Young, S. (2000). Women changing Tibet, activism changing women. In E.B. Findly (Ed.), Women’s Buddhism, Buddhism’s women (pp. 229-242). Somerville, MA: Wisdom Publication.
When studying Buddhism in modern society, one cannot deny the importance of the Dalai Lama. For centuries, the incarnations of the Dalai Lama ruled over the people of Tibet both spiritually and politically. However it wasn’t until the last century that the popularity of the Dalai Lama made its way to western society. This essay will focus on the 14th and most recent Dalai Lama of Tibet.
Since the late 1300’s essentially the same reincarnated figure has been controlling, teaching, and leading the Tibetan Buddhism religion and government (Gale). The Dalai Lama is thought to be the reincarnated spiritual and political icon presiding over the land of Tibet for over 14 lifetimes. His Holiness’ obligation to the Buddhist people and birthright is described as, “a teacher whose wisdom is as deep as the ocean” (Ganeri 28). For centuries the Dalai Lama has been one of the world’s most influential leaders and teachers, passing along his wisdoms to disciples all over the globe.
Before any of these questions can be answered though, one must first know the origin of the conflicts between the two regions as well as the history of the Free Tibetan Movement. As said above, Tibet used to be a place that not many people knew about. This made it much easier for the Chinese government to come in and take control of the people and the land without much protest from the outside world. In fact even if other countries, like bordering India, had known, not much would have been done. This is because no nation had ever recognized Tibet as an independent country. Rather, it was the events that followed which caused the uproar. According to defected citizens of Tibet that traveled to India and then dispersed throughout the world, the Chinese started a form of spiritual cleansing. Monks and spiritual leaders that would not follow their ground rules were detained, captured or killed. The lama's of the Tibetan people were either taken as political prisoners or exiled. However, there are also those that said that some of this never happened.
Peacock, John. The Tibetan way of Life, death and rebirth', Duncan Baird Publishers, 2003, London.
If I had to ask the Dalai Lama one question concerning the behalf of his exiled government and the status of his people, I know exactly what it would be. How can you preach non-violence and compassion while watching your people in Tibet suffer such inhumane punishments for simply having national and spiritual pride? As an established political and spiritual leader of any given nation, the first and foremost obligation of this office is to maintain and uphold the well-being and overall safety of the peoples of that nation. The Dalai Lama has traditionally held the position of spiritual and political leader within the Tibetan culture, and continues to do so in the exiled Tibetan government since the occupation of Tibetan lands by the communist forces of China. Contrary to the actions of most other nations in this same position, Tibet has decided to take a non-violent approach to defending their country under the instruction of their beloved leader. While some attempts at liberation from the Chinese occupation have been organized and ended up in failure, little resistance has stood in the way of the Chinese government concerning their seizure of Tibet as part of the “motherland of China.” I found it hard to believe that the actions of the Tibetan people under the Dalai Lama’s influence are the right steps towards regaining freedom and independence for their nation, but the more I explore this topic, the more I realize the genius and beauty behind the method. In the following pages, I will explore the ways in which the Dalai Lama has approached the goal of independence from China for his country. Further, I will discuss the reasoning and mindset of...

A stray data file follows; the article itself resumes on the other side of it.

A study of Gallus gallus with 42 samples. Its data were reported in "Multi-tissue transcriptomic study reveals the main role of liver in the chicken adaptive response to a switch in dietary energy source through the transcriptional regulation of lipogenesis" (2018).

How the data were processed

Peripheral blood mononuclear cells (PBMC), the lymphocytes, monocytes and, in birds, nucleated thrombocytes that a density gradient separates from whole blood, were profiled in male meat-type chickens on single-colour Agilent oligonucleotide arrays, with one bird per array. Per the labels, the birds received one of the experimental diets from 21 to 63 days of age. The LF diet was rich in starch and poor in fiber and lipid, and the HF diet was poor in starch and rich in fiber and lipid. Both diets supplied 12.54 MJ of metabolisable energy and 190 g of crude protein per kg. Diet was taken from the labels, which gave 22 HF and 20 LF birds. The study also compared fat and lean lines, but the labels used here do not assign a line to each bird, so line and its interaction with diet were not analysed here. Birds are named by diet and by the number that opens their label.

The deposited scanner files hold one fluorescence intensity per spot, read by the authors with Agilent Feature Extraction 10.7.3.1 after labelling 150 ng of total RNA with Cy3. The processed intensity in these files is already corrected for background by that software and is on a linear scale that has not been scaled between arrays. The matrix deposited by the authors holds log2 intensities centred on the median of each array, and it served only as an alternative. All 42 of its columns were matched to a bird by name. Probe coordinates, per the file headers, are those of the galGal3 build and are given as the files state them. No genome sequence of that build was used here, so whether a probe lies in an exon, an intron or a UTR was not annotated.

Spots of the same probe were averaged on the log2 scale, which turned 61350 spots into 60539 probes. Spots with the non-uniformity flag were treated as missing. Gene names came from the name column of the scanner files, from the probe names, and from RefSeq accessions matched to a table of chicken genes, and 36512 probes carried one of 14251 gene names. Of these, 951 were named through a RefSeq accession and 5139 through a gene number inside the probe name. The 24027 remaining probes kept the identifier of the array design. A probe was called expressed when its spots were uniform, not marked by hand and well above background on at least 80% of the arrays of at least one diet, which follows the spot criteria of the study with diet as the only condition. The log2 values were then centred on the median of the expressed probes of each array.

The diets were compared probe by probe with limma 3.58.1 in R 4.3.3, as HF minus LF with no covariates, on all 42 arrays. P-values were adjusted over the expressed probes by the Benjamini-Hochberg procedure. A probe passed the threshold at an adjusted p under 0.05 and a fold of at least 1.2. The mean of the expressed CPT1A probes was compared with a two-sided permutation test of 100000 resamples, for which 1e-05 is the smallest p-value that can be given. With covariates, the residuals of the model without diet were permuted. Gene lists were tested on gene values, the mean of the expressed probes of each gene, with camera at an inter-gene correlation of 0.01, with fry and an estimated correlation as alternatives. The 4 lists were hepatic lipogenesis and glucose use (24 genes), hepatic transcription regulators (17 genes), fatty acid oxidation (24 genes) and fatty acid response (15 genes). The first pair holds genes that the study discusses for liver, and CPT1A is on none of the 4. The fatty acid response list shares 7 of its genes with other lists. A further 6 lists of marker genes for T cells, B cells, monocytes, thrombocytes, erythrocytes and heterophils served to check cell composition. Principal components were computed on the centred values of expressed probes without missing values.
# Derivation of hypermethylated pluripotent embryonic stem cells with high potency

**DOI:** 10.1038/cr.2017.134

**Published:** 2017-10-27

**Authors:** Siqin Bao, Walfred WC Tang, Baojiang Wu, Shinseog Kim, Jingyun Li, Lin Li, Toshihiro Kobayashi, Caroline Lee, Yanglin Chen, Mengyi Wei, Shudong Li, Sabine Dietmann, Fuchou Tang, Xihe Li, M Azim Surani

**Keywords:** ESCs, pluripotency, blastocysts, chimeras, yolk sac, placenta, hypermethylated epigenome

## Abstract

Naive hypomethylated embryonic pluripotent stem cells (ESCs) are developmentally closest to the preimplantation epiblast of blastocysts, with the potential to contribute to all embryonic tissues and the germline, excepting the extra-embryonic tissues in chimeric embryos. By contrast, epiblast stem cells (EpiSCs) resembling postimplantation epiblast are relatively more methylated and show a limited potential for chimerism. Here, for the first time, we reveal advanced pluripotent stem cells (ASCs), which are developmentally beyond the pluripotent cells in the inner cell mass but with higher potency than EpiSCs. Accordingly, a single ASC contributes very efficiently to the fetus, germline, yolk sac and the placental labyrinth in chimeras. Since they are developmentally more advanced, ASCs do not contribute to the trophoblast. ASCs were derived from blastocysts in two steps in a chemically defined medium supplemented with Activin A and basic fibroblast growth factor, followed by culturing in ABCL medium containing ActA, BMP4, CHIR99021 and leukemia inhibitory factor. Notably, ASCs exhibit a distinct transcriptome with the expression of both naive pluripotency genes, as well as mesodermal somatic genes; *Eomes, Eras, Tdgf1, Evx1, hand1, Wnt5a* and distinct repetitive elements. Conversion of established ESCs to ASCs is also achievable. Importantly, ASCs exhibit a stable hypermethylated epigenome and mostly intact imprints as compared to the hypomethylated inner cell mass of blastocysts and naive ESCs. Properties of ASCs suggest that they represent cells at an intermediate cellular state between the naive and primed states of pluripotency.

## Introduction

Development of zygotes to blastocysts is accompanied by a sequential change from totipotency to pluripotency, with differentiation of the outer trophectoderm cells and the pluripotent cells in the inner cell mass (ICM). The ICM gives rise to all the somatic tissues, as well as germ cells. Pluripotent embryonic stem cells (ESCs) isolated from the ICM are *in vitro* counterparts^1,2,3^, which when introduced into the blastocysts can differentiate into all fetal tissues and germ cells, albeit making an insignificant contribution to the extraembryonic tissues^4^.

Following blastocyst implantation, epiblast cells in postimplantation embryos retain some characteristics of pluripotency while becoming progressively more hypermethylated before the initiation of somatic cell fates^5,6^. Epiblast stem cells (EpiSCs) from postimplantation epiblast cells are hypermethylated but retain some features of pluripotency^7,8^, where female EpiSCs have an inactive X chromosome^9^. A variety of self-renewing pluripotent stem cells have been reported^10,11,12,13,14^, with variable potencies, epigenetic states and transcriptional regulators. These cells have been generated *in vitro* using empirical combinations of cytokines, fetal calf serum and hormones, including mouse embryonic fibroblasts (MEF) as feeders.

In Tibet one might use the words “religion” and “culture” almost as synonyms, especially for the arts—literature, drama, painting, and sculpture. Not only were they inspired by religion, but religion was their very raison d’être (Pal 18).
The Chinese have repeatedly tortured, imprisoned, and murdered Tibetans all for what they claim is national unity. While the oppression of the Tibetan people began in the 1950’s with the invasion of China, it continues just as strongly today. From religious oppression and unfair trials to the torture of nuns and monks, the Chinese abuse even the most reverent aspects of Tibetan culture. Political prisoners, whether they are monks, nuns or lay people, are tortured with utter disregard for human rights. Chinese laws have also been established to eradicate the Tibetan people entirely. Women often must endure forced abortions and sterilization due to Chinese birth policies. Through all of these crimes against humanity, China repeatedly commits acts of genocide as established by the United Nations.
Bodeen, Christopher. “Prosperity Isn’t Universal in Tibet Towns”. Associated Press News Service, August 25, 2003. (November 13, 2003).
Sha, Li. "Contribution of "Abolishment of Serf System" in Tibet to Human Rights Campaign - In Memory of the Fiftieth Anniversary of Democratic Reform in Tibet." ProQuest. Canadian Center of Science and Education, n.d. Web. 25 Oct 2013.
1 Geoff Childs Tibetan Diary From Birth to Death and Beyond in a Himalayan Valley of Nepal (Berkeley: University of California Press, 2004) 41.
Rinpoche, Samdhong. Uncompromising Truth for a Compromised World: Tibetan Buddhism in Today’s World; forward by 14th Dalai Lama. (Tibet: World Wisdom, 2006), 264.
(27) Canada Tibet Committee. “World Tibet Network News.” 1 Jan 2003. www.tibet.ca/wtnarchive/2003/1/1_3.html (6 March 2003).